Date: 18 November 2009
UNISON, the union representing police support workers, today condemned threatened cuts in Strathclyde Police staff jobs and redundancies as inefficient and discriminatory.
Today's statement to staff by Stephen House, Strathclyde's Chief Constable, says that savings needed to meet shortfalls in the force budget of £16m pounds next year, will be borne primarily by police support staff rather than by police officers. UNISON says that this would be inefficient and discriminatory.
Dave Watson, UNISON's Scottish Organiser for Policy said: "This is a return to 1970's policing, most forward looking forces are looking to expand the role of support staff to release police officers to tackle crime. The Scottish public want police officers out on the streets not stuck behind a desk doing support work. If Mr House is looking for efficiencies, then he needs to use more police staff to do the important support work - not make them redundant."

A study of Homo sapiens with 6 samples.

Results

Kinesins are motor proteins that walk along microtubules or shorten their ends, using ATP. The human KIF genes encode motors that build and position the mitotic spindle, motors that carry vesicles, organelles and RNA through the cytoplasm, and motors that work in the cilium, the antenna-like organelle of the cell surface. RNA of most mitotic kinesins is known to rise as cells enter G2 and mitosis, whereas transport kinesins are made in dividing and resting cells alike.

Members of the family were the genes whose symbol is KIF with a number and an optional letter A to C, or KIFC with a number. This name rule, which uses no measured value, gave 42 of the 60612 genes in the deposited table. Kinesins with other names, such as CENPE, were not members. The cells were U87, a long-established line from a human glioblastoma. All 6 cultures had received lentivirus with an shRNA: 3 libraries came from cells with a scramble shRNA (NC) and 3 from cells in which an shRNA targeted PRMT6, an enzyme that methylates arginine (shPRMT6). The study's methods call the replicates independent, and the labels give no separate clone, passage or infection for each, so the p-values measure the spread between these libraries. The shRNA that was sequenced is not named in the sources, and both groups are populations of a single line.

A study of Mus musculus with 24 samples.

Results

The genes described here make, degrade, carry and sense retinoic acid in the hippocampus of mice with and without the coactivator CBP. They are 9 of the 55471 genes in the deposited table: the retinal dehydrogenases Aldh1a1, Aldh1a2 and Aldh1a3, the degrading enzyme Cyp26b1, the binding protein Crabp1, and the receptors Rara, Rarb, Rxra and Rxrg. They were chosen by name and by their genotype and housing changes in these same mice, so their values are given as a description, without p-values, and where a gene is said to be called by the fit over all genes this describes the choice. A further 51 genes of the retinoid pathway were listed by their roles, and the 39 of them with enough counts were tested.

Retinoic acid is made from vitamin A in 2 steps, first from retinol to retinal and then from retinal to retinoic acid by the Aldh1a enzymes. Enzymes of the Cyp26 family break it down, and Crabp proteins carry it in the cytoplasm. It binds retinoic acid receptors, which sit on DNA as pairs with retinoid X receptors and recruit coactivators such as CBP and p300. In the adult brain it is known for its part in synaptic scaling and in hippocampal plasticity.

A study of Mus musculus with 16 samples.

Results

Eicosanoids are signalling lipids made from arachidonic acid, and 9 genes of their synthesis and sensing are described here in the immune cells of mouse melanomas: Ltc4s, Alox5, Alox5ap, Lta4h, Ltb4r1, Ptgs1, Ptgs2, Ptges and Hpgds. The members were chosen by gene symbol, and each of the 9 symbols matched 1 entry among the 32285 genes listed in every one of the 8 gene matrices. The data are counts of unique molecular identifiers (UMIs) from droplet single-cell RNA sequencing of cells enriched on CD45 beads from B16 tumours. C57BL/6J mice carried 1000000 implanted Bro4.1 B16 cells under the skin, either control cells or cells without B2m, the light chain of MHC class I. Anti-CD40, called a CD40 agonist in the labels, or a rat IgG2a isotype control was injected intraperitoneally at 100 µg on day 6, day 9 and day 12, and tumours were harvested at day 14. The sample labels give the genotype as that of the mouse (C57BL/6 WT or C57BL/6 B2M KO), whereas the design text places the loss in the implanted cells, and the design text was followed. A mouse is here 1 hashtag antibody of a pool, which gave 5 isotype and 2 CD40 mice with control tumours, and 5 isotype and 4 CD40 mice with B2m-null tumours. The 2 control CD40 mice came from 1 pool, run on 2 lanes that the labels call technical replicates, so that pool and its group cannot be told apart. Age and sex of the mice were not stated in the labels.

UNISON also suggests that this move is potentially discriminatory. Dave Watson said "The bulk of police staff are women, whereas the bulk of officers are men. We are anxious to see the Equality Impact Assessment that the force has to produce for any major organisational change."
The union - who represent 1500 staff working for Strathclyde Police - has made it clear that they will fight any attempt to make staff compulsorily redundant.
Dave Watson said " UNISON recognises the difficult position that the force is in, but to ask for staff co-operation in delivering efficiencies at the same time as threatening them with losing their job, is not something we can accept."